Coconut Grove is one of the oldest neighborhoods in Florida’s Miami-Dade County, founded by Bahamians over a hundred years ago. For much of the twentieth century, the Grove was a thriving community. However, systemic disinvestment and marginalization decreased economic development and opportunity in this historically Black neighborhood. Then gentrification struck.
“Coconut Grove sits between downtown Miami and the affluent community of Coral Gables. To get anywhere near the bay and downtown from the southern portion of Miami-Dade County, you have to drive through the Grove,” says Oliver Gross, President/CEO of New Urban Development (NUD) on the community’s key location. “Today developers are tearing down existing homes and building houses that sell for more than $700,000.” That price is much higher than average real estate in the area, he notes.
By 1983, gentrification had become a serious issue, and the fight was on to preserve Coconut Grove for the people who lived there. One day David Alexander, Executive Director of the Coconut Grove Local Development Corporation, called local resident and activist Thelma Gibson with an invitation to purchase a strategic corner — including four lots — for $99,000. She immediately called Coconut Grove landlord Walter Green, suggesting that he find three other investors to chip in $25,000 apiece. According to Gibson, Green laughed. “Do you have $25,000? Because I don’t.” But Green called back the next day, with the idea of finding 20 people to invest $5,000 each — led by Gibson as the first investor. The plan worked; others “…came along. They were willing to help because everyone knew the building,” recalls Gibson. They named their group GUTS (Grovites United to Survive), and soon they had bought a four-lot parcel adjacent to the opposite corner, too.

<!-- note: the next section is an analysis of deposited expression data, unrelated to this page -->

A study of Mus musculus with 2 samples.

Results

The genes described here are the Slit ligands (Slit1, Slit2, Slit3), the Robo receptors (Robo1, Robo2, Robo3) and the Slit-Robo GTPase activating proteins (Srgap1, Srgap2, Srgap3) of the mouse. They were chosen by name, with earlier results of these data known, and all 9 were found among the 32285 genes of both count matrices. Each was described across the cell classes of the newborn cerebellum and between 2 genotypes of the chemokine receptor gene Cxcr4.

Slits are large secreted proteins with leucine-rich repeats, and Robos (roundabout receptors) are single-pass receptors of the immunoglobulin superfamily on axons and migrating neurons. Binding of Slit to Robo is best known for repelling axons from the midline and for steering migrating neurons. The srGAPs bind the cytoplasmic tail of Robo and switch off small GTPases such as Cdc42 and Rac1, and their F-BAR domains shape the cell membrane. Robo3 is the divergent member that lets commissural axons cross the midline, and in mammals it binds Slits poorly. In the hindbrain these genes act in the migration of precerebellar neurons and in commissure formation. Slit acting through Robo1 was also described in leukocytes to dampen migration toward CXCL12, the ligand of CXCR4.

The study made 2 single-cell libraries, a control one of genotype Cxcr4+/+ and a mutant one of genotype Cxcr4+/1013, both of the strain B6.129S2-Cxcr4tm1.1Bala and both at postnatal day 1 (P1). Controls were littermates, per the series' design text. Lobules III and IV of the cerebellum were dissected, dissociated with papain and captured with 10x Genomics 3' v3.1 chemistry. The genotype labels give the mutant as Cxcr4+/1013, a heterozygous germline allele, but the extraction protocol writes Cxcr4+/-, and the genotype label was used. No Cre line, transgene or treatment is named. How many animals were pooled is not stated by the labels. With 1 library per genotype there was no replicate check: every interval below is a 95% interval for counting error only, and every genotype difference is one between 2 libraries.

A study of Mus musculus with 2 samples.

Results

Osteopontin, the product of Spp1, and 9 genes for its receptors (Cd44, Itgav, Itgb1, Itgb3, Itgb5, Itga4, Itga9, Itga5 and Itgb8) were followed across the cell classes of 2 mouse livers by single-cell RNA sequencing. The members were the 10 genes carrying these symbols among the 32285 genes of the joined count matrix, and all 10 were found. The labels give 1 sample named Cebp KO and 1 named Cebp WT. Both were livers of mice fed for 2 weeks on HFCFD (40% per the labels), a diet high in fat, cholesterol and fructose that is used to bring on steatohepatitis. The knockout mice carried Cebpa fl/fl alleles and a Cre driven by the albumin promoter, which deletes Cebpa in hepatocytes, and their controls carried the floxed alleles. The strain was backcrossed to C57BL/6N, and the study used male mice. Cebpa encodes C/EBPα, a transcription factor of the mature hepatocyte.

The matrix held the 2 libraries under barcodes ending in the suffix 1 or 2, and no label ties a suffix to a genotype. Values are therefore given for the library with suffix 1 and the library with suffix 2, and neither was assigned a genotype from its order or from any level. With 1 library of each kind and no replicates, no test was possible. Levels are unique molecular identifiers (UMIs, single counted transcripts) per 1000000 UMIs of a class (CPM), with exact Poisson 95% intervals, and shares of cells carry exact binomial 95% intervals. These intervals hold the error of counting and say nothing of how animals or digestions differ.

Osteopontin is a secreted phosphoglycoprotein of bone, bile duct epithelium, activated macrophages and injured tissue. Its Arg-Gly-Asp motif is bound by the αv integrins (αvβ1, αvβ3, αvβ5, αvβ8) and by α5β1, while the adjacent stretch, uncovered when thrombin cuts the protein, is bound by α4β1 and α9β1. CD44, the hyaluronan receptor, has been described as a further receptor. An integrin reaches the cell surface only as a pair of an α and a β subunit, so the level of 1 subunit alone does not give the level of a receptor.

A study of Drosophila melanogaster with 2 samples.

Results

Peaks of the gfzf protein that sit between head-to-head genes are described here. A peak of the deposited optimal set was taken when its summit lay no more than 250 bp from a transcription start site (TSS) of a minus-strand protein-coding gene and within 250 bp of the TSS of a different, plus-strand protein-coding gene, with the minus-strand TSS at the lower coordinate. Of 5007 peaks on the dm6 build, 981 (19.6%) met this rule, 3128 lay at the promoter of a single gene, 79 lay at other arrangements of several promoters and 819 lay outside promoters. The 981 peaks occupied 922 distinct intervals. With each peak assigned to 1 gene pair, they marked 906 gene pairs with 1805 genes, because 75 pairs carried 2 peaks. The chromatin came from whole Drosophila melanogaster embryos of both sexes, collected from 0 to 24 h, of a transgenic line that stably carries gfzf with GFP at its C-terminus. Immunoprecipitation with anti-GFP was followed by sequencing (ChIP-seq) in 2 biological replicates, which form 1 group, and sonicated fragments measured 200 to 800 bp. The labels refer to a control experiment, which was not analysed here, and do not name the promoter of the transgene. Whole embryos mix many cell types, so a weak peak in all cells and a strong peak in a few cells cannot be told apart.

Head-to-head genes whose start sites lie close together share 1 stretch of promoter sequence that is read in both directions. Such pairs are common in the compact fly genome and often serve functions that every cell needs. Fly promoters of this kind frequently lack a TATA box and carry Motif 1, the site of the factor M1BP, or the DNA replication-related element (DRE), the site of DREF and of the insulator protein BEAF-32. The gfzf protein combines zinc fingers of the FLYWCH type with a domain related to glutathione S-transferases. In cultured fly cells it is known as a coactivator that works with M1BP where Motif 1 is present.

I have told people the importance of keeping land here, but some have moved back to Georgia, where they had other land. Others can’t afford to live in the Grove anymore and have moved elsewhere in Miami-Dade. My role now is to tell developers to be sure that some parts of the Grove stay affordable.”*
* First published in Heart of the Grove
Unfortunately, the next step was harder. GUTS borrowed money from the City of Miami for an environmental study and architectural drawings. “But we couldn’t get anyone interested in investing,” recalls Gibson. “We couldn’t even pay the taxes.” Through the years, GUTS was forced to sell most of the lots to developers.
With one parcel left, Gross says, “GUTS came to us for help. We wanted to be really intentional about any development, ensuring that the property would be owned and controlled by people from the neighborhood. We were able to create a vehicle that allowed them to receive most of the economic value the property had gained without giving up their long-term interest.”
BlueHub was key to the process. “These are the sorts of deals that traditional capital providers walk around gingerly,” says Gross. “BlueHub jumped in with both feet. They asked the right questions in the right context. Their focus is not just on closing but on how to make the deal work for everyone. That really resonates with me.”
The next challenge is determining what to build on the property. The plan includes 100 units of mixed-income housing, 40 of which will be affordable to households earning less than 60% of the area median income, as well as commercial real estate and community facilities.
“We prefer to have a larger residential component,” Gross states. “Keeping folks from the community in the community helps preserve the neighborhood character and culture.”
Whatever the outcome, it will certainly be decided with the long-standing neighborhood residents in mind and involved.